BY ROBERT TOMKAVAGE
The COVID-19 pandemic forced businesses and community organizations to get creative to help people feel safe when visiting their facilities.
Then, state officials shut them down.
From private access to waterparks, movie theaters and recreational opportunities, businesses developed several outlets for families and friends to safely plan small get-togethers before Gov. Tom Wolf and state Secretary of Health Dr. Rachel Levine announced more restrictions for restaurants and entertainment venues until Jan. 4, to help stop the spread of the virus.
For weeks, Great Wolf Lodge in the Poconos offered guests exclusive access to the resort’s indoor waterpark after other guests have gone home for the day — but it was pricey.
The Scotrun facility’s “Own the Park” program granted groups exclusive access to the park for 2½ hours after regular operating hours. Packages start at $10,000.
General Manager Bill Colavito said the resort received about four inquiries on the promotion in November and will continue offering it to guests once the facility reopens.
In addition to private access, groups received a refreshment station with soft drinks, water, iced tea and snacks; overnight accommodations in up to 10 suites that can hold five guests each; an in-suite fridge stocked with snacks, bottled water and non-alcoholic beverages; a welcome gift valued at $50 for each suite; and a private breakfast the next morning.
Families must give the resort 14 days’ notice prior to their preferred arrival date by filling out an online form at www.greatwolf.com/poconos/deals/own-the-park.
Colavito believes the program may be popular with people who are looking for a temporary escape from their homes and some quality time with loved ones.
“Everyone has been cooped up and extended families haven’t had an opportunity to see each other,” he said.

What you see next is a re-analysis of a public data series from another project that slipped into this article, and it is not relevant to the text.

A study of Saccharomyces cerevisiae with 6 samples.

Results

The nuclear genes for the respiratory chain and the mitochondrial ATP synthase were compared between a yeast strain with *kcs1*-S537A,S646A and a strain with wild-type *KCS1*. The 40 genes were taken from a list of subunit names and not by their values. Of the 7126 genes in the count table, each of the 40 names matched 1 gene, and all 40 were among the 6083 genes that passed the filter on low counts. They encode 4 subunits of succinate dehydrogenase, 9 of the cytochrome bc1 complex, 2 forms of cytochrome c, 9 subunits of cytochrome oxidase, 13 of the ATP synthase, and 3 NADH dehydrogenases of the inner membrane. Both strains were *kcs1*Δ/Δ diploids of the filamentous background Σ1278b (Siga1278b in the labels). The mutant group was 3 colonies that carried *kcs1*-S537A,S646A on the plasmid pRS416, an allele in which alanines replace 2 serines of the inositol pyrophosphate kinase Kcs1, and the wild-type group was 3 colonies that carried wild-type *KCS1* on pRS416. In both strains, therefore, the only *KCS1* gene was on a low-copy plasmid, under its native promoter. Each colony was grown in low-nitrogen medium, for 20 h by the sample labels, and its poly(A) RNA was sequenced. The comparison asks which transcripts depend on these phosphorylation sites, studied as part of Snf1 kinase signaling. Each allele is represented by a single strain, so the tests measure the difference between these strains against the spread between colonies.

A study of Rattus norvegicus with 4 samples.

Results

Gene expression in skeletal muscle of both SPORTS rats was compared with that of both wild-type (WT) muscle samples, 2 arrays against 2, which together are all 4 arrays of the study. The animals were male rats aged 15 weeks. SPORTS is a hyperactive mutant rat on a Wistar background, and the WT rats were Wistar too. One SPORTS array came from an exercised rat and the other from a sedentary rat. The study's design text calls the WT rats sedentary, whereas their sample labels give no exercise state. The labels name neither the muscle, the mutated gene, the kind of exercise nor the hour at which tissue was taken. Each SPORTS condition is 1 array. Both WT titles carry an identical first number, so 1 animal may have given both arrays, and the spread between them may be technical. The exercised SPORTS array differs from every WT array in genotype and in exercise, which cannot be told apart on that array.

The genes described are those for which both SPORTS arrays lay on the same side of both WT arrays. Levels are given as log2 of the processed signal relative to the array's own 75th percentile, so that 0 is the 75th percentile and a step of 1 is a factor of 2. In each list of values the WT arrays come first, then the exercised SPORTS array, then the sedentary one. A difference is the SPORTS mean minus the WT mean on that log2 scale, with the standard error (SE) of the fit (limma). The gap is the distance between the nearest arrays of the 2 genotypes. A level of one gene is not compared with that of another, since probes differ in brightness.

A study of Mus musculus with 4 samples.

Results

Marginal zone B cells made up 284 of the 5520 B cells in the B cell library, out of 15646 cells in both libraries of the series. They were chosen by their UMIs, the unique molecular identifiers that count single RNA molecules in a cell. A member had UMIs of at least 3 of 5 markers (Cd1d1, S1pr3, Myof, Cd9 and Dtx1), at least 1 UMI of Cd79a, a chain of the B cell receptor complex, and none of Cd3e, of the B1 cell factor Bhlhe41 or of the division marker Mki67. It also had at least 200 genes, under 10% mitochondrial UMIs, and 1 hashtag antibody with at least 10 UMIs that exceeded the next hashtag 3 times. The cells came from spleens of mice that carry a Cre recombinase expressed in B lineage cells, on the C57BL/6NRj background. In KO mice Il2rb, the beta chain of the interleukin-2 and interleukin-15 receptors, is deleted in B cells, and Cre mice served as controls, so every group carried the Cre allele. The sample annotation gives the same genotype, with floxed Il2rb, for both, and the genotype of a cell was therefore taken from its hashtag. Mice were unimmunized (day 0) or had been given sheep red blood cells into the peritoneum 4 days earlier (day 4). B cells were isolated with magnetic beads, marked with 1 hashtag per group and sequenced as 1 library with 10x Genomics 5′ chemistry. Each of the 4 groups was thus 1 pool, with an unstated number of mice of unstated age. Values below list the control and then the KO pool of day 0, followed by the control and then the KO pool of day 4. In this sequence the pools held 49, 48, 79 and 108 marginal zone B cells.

Chris Barrett, president of the Pocono Mountain Visitors Bureau, lauded the resort for its continued ingenuity.
“They are incredibly innovative in everything they do and their customer service is exemplary,” he said. “I think it’s a very smart use of the property.”
Cinemark in Moosic was allowing groups of up to 20 to rent a movie theater for prices ranging from $99 to watch classics to $149 to view new releases, before the business was temporarily shut down again.
A representative in the guest services department confirmed the program will continue when the theaters reopen.
In addition to the comfort and safety of a private theater, Cinemark was including discounts on popcorn, soft drinks and candy in the program.
Katie Kearney of Scranton recently booked a private watch party and was thrilled with the experience.
“The staff was wonderful,” she said. “Everybody was really nice and masked, and the customer service was amazing.”
Katie’s grandmother, Fran Kearney, and two of Katie’s friends joined her to watch “White Christmas.”
“Since March, we really haven’t been able to go out at all,” Katie Kearney said. “Being able to have the experience of going to the movies, but also having the security of knowing it was cleaned and we were the only people in there was really special.”